My son Jack has autism. He is seventeen.
He doesn’t have the television kind of autism. He doesn’t know how to count cards in Vegas or solve medical mysteries in a busy hospital. He doesn’t paint masterpieces or write concertos.
He has the regular old kind of autism with delayed communication, limited eye contact, rigidity, and anxiety.
Autism has changed the way he eats, moves, learns, and thinks.
It has changed the way I think, live, breathe, and hope.
This last year has been a time of great leaps.
His working memory has improved. He can follow two or three step recipes more easily.
He manages his own medication.
He has a job in a restaurant.
On Saturday, he and his father go to the bank. Jack fills out a deposit slip, and hands his check to the teller behind the counter.
He does his own laundry, he manages our Amazon’s Subscribe & Save, he helps me plan the weekly menu.
Every day after school he spreads salt down our long driveway to help melt the wintery ice.
And yet, it is not enough.
This hard-won work is not enough to earn him a spot in one of the coveted programs for teenagers like him.
My son wants more, that’s the thing. He wants a bigger life, with a wedding and a child and a driver’s license and a car. He wants a college experience.
He has so much to offer.
Over the last month, I have spoken with the Commissioner of Education, a New Hampshire State Senator, the Director of Vocational Rehabilitation, and countless people in admissions offices across the country.
I have filled out stacks of forms.
I have watched my tender son sign his name in careful cursive at the bottom of the page.
I have spent hours on the phone asking questions.
According to the Center for Disease Control, one out of forty-four children are diagnosed with autism.
And while we have many supports for the youngest of this population—early intervention, integrated preschool, paraprofessionals, speech therapists—there is precious little available after high school.
This is no one’s fault. It simply is.
But it doesn’t make the hurt any easier to swallow.
There is nowhere for him to go.
That’s how it is with autism. Pain races to the heart and claims it first. Then, more slowly, the truth follows.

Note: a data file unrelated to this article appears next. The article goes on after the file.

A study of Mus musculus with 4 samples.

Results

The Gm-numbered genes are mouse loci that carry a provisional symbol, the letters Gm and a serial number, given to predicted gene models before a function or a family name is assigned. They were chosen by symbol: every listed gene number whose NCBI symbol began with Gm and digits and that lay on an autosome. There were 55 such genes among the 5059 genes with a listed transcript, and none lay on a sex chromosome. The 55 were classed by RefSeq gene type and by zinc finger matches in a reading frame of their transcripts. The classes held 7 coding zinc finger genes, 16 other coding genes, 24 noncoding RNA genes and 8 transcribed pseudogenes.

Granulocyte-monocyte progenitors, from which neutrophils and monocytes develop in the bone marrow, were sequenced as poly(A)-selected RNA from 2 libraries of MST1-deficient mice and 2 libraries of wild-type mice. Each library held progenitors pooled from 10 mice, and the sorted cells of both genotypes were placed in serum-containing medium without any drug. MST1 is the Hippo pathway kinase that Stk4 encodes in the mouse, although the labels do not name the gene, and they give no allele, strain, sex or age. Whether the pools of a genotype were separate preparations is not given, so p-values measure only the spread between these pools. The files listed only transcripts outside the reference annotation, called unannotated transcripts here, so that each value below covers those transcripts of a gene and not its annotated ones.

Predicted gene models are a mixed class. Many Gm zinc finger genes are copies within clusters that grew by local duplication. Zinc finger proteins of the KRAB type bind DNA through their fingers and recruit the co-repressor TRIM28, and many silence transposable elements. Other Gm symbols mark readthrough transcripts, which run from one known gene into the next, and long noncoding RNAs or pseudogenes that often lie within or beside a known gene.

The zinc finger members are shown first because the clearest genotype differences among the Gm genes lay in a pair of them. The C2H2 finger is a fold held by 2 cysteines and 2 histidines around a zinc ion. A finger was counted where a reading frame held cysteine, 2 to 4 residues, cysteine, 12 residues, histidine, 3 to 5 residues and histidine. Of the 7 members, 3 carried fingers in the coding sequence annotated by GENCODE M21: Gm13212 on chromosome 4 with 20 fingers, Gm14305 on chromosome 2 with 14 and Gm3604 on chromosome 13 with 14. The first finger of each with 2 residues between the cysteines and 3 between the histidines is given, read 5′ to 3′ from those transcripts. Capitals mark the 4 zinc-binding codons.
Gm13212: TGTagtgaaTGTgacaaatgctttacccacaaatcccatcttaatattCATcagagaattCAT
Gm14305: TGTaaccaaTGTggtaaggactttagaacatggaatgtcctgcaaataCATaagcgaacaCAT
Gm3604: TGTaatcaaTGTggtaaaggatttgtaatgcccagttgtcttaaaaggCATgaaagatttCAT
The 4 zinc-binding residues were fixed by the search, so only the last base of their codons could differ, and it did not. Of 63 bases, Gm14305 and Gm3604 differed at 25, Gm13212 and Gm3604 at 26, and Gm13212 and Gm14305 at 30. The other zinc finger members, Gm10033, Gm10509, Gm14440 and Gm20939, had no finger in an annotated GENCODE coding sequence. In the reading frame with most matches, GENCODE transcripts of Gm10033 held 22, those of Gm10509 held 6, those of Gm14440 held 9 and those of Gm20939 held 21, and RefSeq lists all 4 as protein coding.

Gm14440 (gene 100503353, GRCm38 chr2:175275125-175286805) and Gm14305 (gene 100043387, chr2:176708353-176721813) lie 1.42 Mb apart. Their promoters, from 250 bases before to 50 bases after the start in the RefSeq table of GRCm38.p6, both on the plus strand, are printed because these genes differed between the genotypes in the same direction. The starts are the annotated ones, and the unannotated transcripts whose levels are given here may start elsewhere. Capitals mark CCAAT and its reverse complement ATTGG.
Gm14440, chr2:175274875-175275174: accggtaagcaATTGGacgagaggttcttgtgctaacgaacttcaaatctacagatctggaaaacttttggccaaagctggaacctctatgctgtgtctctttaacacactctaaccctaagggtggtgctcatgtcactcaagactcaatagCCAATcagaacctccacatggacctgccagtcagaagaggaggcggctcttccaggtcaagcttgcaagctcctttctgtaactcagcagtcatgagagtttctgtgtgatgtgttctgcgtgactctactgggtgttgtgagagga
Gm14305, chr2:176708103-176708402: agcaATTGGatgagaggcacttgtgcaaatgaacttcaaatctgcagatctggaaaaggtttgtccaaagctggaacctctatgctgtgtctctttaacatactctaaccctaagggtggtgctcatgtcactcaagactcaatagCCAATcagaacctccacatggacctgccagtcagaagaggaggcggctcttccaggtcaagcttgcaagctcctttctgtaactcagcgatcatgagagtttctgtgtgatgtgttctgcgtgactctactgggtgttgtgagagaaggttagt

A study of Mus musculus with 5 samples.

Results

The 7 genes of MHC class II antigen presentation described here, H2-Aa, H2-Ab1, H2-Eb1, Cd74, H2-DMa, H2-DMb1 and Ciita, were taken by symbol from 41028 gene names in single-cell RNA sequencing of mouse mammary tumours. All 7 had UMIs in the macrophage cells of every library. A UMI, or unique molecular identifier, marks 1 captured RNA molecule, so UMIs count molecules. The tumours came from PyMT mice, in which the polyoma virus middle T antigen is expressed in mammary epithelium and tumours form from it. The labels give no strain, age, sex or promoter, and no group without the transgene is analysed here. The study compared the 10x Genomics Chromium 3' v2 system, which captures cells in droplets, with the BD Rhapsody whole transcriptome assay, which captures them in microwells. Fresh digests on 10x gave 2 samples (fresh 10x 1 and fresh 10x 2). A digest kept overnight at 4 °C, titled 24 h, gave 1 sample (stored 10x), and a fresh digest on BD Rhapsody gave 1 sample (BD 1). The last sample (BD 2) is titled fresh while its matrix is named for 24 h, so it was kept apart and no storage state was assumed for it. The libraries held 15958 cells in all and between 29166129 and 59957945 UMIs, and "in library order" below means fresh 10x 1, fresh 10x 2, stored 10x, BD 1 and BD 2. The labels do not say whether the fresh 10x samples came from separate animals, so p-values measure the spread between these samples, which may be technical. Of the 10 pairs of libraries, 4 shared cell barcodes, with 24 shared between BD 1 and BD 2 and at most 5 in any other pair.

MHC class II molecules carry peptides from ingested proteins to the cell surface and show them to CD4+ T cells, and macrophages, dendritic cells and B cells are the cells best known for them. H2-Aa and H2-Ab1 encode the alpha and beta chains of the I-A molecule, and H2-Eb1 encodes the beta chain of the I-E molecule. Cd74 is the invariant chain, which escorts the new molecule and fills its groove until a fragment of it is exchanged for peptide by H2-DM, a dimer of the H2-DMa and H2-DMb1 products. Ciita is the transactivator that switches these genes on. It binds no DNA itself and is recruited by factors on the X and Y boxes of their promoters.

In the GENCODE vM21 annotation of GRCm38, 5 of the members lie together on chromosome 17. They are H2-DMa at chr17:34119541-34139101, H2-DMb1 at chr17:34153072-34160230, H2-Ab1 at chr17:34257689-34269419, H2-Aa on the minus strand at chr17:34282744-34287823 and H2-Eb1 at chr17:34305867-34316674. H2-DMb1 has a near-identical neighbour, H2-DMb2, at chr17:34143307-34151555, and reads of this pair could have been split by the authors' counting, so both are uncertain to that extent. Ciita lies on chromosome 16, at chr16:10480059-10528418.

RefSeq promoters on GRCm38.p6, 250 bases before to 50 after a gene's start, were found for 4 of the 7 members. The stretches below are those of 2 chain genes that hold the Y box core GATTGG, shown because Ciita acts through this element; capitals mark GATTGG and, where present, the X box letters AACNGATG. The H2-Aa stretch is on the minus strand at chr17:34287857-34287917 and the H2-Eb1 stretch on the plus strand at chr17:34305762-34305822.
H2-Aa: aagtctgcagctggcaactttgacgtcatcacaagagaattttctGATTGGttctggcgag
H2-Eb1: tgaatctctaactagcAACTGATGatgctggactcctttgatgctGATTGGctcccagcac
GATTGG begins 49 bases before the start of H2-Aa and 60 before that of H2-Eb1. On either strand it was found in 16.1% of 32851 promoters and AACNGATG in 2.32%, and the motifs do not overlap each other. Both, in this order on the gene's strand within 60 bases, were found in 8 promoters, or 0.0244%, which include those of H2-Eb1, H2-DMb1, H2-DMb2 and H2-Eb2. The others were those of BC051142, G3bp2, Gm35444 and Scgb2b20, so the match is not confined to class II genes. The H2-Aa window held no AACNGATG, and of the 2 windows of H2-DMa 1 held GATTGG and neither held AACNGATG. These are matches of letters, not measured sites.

It is heartbreak by one thousand everlasting papercuts and just as one heals, another opens.
He’s made tremendous progress, it’s true. Our progress is in the details—blue pen signatures, deposit slips, salt across the icy driveway.
He deserves a chance.
After all, what was it all for, if not this?
All the work and the therapies and the special school and the timers on the dinner table?
At the exact same time, the idea of him going away suspends my very breath.
I won’t be there to take care of him anymore.
I won’t listen down the hall for his voice at 2:52 every afternoon.
I won’t scour the grocery store for the latest kind of Oreo, or his favorite cereal, or make sure to pick up the batteries he needs.
Autism has been the tympani of my background for as long as I can remember.
Who am I without him?
When I think about him living somewhere else, the what-if’s pile in my mind like snowflakes in a blizzard.
What if he gets sick?
What if he gets lost on campus?
What if someone hurts him, my tall, tender, younger-than-his-years son?
What if he leaves?
But what if he doesn’t?
He can’t stay in his childhood bedroom forever. He can’t stay in our small town with no public transportation. He deserves a chance. He deserves what is rightfully his.
When you send your typical child to college, you hope you prepared him for the world.
When you send your child of autism to college, you hope you prepared the world for him.
Maybe there is no right answer.
How can I ever let him go?
I’d give anything to know how this story ends. Only time will tell.
Spring is coming.
Life. That’s his favorite cereal. He likes the original kind, not cinnamon.